Why Dorothea Paas Rules by James Goddard

 In Why This Rules

Dorothea Paas

I have loved Dorothea Paas’s music since the first time I heard it. I met Dorothea in Kingston, ON. Have you been to Kingston? It’s a university town, rotten with old money, renowned for its debauchery, home to the headquarters of that most colonial enterprise – Corrections Canada. The winters there are relatively mild; it has something to do with the way the air currents pass over Lake Ontario. I worked for a year at CFRC 101.9FM, Dorothea was a programmer with an unreliable co-host if I’m not mistaken. One afternoon she announced in passing that she had discovered some writing of mine on the internet – almost certainly a Weird Canada review. Not to be outdone I googled her name (mercifully uncommon) and discovered the SONGS EP.

Already on this slight collection of songs for guitar and voice, Paas’ immense talent was clear. These songs showcased Paas’ deft command of the guitar, her vocal prowess and her ear for tasteful production. A steady stream of cassette releases since then has only further demonstrated Paas’ capabilities. Eschewing a path that has seduced many Paas’ folk-inflected first foray did not become the foundation of lushly arranged indie-pop but rather, starting with “A Thirst” (2013), Paas’ arrangements have embraced economy and veered towards abrasion; pairing her classically trained voice with chunky distortion drenched guitar riffs to great effect.

These arrangements are frequently surprising – the song Precious, for example, descends into a noisy breakdown but then from the chaos emerges a voice spoken not sung. That’s an obvious example but in less dramatic ways the shifts between parts, the chords, and the esoteric grooves the band falls into all skew just outside the idioms of today’s guitar rock – every listen seems to reveal an unfamiliar moment, a shimmer, a clang, a harmony heretofore unheard.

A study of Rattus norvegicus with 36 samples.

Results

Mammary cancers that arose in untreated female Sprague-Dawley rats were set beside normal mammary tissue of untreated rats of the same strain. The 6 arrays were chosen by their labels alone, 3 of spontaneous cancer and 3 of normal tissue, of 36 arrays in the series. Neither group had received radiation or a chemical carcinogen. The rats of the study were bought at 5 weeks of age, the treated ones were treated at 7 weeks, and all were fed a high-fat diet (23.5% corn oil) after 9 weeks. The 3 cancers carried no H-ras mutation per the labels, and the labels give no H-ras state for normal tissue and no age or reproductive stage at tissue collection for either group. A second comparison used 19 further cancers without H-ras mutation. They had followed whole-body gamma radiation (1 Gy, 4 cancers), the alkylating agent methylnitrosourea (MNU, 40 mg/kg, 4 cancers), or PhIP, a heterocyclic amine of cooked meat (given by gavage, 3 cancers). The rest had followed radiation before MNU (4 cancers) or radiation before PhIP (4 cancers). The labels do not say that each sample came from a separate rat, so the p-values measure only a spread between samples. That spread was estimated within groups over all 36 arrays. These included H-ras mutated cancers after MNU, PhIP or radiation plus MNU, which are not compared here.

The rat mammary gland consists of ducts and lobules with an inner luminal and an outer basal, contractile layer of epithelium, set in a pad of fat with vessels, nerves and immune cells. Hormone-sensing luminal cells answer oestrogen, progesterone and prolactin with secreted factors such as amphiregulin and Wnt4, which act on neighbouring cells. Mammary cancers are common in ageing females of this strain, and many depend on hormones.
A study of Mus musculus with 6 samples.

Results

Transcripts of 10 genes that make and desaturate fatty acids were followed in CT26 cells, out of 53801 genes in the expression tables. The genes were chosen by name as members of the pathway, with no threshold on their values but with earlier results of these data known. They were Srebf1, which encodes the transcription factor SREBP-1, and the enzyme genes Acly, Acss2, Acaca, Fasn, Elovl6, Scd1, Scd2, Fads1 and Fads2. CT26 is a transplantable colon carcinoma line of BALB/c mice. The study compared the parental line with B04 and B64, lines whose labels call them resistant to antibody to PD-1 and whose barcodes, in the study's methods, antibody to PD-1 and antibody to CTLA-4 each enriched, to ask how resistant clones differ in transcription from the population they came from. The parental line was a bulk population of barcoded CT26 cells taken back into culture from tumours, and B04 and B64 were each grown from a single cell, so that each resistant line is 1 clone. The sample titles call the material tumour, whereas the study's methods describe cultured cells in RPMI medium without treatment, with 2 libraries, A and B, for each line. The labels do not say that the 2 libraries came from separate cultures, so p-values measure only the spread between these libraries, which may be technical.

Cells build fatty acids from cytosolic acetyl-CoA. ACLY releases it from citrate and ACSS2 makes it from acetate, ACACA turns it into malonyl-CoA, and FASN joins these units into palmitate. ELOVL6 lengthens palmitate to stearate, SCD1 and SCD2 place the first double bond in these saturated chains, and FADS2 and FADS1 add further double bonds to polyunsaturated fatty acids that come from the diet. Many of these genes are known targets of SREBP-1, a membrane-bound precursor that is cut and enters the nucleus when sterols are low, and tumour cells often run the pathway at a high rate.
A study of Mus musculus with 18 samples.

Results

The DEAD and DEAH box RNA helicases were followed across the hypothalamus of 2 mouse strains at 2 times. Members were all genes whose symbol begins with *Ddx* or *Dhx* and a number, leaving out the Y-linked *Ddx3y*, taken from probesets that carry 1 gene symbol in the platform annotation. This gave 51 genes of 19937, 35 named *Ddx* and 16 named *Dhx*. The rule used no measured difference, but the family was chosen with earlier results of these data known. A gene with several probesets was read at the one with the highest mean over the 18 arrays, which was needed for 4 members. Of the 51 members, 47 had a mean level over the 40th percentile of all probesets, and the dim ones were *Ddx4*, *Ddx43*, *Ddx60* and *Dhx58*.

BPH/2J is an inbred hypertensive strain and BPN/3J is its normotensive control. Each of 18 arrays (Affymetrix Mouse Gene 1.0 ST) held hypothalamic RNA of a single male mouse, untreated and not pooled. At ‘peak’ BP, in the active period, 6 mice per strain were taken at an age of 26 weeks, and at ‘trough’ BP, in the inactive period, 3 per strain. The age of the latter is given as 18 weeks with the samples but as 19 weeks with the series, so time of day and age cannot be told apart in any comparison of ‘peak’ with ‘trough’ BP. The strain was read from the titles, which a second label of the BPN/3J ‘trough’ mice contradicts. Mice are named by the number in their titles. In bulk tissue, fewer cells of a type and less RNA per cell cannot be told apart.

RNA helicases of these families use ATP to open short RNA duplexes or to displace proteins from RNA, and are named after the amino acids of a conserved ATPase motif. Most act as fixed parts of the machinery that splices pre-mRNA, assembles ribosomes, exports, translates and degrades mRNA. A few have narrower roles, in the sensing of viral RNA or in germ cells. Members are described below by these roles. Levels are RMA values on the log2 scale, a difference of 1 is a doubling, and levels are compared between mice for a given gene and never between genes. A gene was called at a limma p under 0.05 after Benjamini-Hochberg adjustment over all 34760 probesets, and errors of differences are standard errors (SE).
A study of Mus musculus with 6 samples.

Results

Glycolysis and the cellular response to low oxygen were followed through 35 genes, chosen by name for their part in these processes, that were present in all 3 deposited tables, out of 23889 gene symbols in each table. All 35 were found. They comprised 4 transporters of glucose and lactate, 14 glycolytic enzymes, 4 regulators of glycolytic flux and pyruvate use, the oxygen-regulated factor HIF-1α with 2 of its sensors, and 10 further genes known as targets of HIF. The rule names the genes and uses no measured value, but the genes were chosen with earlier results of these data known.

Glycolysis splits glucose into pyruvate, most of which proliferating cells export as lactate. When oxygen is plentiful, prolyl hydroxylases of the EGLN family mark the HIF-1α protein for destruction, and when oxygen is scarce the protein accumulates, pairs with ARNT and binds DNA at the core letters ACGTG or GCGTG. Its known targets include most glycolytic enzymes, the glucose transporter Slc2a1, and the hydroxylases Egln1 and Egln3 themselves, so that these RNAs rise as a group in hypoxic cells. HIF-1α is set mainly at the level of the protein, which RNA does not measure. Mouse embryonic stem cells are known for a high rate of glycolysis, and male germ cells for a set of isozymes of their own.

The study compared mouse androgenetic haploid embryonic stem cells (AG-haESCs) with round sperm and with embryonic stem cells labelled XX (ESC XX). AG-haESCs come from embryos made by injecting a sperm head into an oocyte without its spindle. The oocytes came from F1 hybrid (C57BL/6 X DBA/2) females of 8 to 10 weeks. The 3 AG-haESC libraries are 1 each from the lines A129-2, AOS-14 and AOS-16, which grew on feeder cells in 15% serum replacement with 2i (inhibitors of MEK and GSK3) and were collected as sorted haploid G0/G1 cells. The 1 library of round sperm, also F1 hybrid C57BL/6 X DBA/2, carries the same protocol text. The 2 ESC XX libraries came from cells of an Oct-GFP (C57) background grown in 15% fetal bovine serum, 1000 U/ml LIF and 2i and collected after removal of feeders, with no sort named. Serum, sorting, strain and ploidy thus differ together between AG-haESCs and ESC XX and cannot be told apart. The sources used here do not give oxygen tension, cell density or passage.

Despite the fact that Dorothea Paas is based in Toronto, there’s something of a Kingston that might no longer exist in Paas’s music. This is perhaps most visible in her choice of collaborators. Mark Streeter (Try Harder, False Face), an erstwhile stalwart of the Kingston scene has appeared on everything since ‘A Thirst’. Lately the full band lineup has also included former Kingstoner and shredder supreme Paul Saulnier (PS I Love You). The current quartet is rounded out by Kritty Uranowski, although not from Kingston, Uranowski’s a powerhouse in her own right and contributes a great deal to the live show…and instagram suggests all four are in on the recording session for the next release.

I would be remiss not to mention the humour and pathos that clearly shine through in Paas’, often darkly nihilistic, lyrics. Soon off of ‘No Loose Ends’ (2016) starts off evoking a love song – the relief and distraction of a beloved only to close with the line from which the title is drawn repeated over a minute: “soon none of this will matter”. And…well I could go on and on – I haven’t even highlighted any of the stellar moments from ‘Calm Your Body Down’ (2015) . But I think maybe you get the point.

Why does Dorothea Paas rule? I have loved Dorothea Paas’s music since the first time I heard it and, with every new song I hear, I come to find something new to love. That’s why Dorothea Paas rules.

James Goddard plays the saxophone. He performs solo as skin tone and in the duos NYON and Platitudes. He promotes concerts in Montréal. Platitudes will be performing at Kazoo! Fest 2018 on Saturday, April 14th at Heritage Hall (83 Essex St.)

Dorothea Paas plays at Kazoo! Fest 2018 on Saturday April 14th with Innes Wilson at Red Brick Cafe (8 Douglas St.)